In this space is the memory of the panic, the agony, the only place we could silently scream so as not to be heard. The place we could cry so long and hard our heads would ache from the force of it. I cannot tell you how many times I have sobbed in my shower or car. My body shaking with grief. Even now, there are times I am reminded just by entering that shower of the pain expressed within those walls. I cannot make the memory of it go away. Ever.

These places we find ourselves in now — in the “after” — remind me of the shedding of my former self. I think of myself in those horrible moments, and I reflect on my journey to re-enter into life. What have I learned about myself?

I learned I am at times bitter. The realization of the tragedy, the remnants of what is left of me and the changes my family has gone through planted bitterness within me. This has left me stagnant. I did not understand how to cope with this anger. For this I felt guilty. Change will not happen alone, yet fear had prevented me from reaching out.

I am not afraid anymore.

There is no escaping the shadow of grief. It is not entirely an act of mourning a loved one, it is who we become. I am a griever. It is not my intention, yet I find my focus will often shift to the big empty. I am overcome by my loss. I have let grief rule, I have let sadness fester within me.

I have allowed grief to continue to block joy from entering my life. I was great at making plans on what I needed to do to get my life back, but I was lacking in production. I wrote about ways to achieve it, I thought I could do it alone. I was wrong.

I didn’t care enough for my own happiness to fight for it.

Then again, perhaps it isn’t that I don’t care, I am simply too tired to try. I am not motivated. It felt just out of my grasp. I feel so different from everyone else. Grief has changed me to such an extent I am left feeling unfamiliar with myself.

Social withdrawal and isolation created a huge communication gap between me and my friends. The longer I stayed away, the more difficult it became to reconnect. I don’t know how to talk to anyone anymore or what to talk about. I fear we no longer share common interests. Thus making the gap even wider.

I needed help.

The only way for me to step back into life is to seek help from those who have done it. I needed to voice my fears and admit out loud I do not know who I am anymore. Who is this person grief has taken control of? Admit I cannot keep going like this. Find out if others have felt this way and what they have done about it.

True understanding of grief may only be found in those who have walked the same path.

I needed someone who experienced what I had. I needed to hear what they did about it. I needed to connect to someone who knew my struggles without having to explain every painful detail. Someone who knew of those private places and understood the struggle to be normal, to live again.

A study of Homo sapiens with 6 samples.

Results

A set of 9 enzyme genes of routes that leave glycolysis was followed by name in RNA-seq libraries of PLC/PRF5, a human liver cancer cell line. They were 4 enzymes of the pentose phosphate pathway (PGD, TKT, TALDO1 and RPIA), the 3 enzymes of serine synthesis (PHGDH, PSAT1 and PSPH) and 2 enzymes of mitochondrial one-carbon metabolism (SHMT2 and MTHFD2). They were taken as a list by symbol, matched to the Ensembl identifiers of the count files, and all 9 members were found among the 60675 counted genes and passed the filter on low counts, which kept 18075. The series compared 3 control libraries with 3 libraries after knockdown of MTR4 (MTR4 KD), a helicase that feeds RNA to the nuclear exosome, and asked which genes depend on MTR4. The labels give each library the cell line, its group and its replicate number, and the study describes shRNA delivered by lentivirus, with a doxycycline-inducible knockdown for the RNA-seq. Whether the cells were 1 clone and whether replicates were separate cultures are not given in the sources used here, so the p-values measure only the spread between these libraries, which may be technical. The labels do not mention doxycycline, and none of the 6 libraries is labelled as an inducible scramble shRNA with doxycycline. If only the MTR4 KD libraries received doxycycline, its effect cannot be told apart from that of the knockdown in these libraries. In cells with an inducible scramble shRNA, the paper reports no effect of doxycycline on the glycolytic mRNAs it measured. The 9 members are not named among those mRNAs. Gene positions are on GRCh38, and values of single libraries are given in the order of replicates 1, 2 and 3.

I learned there is support in numbers.

I am getting help in a grief support group such as those provided by The Compassionate Friends. I have made a choice. I am not choosing to forget Konnor or put him behind me. I am choosing to find a way to live my life without him but in happiness. It does not do justice to our loved ones to live the rest of our own lives in sadness.

I am finding in this group not only the support I need but the sharing of thoughts and suggestions on how I can take the steps to move forward. Talking and writing about healing is not enough. I find I am quite the pretender. I wrote of “Healing My Soul” and “Reclaiming Hope,”  all very encouraging. I wanted to be that person to offer comfort and help to those grieving yet I could not take my own advice. It is so much easier to offer help to others than it is to help yourself.

Having been a part of a few grief support groups on Facebook I aways knew I was not alone in my feelings of grief. However, entering into an actual group is a whole different experience. I can now truly say, I am not alone.

I will always grieve for Konnor.

I will have bad days. However, I cannot continue to live every day in heartache, bitterness and pain. He would not want this. He would be upset to know that his death is causing so much sadness. I believe he still sees us, and I want him to see me happy.

These private spaces where we have mourned alone are reminders of our darkest times. Although we still experience moments of deep sadness and we will forever miss our loved ones, we learn to move forward some of us must take the step to seek help from others to keep from remaining or falling back into the shadows of grief.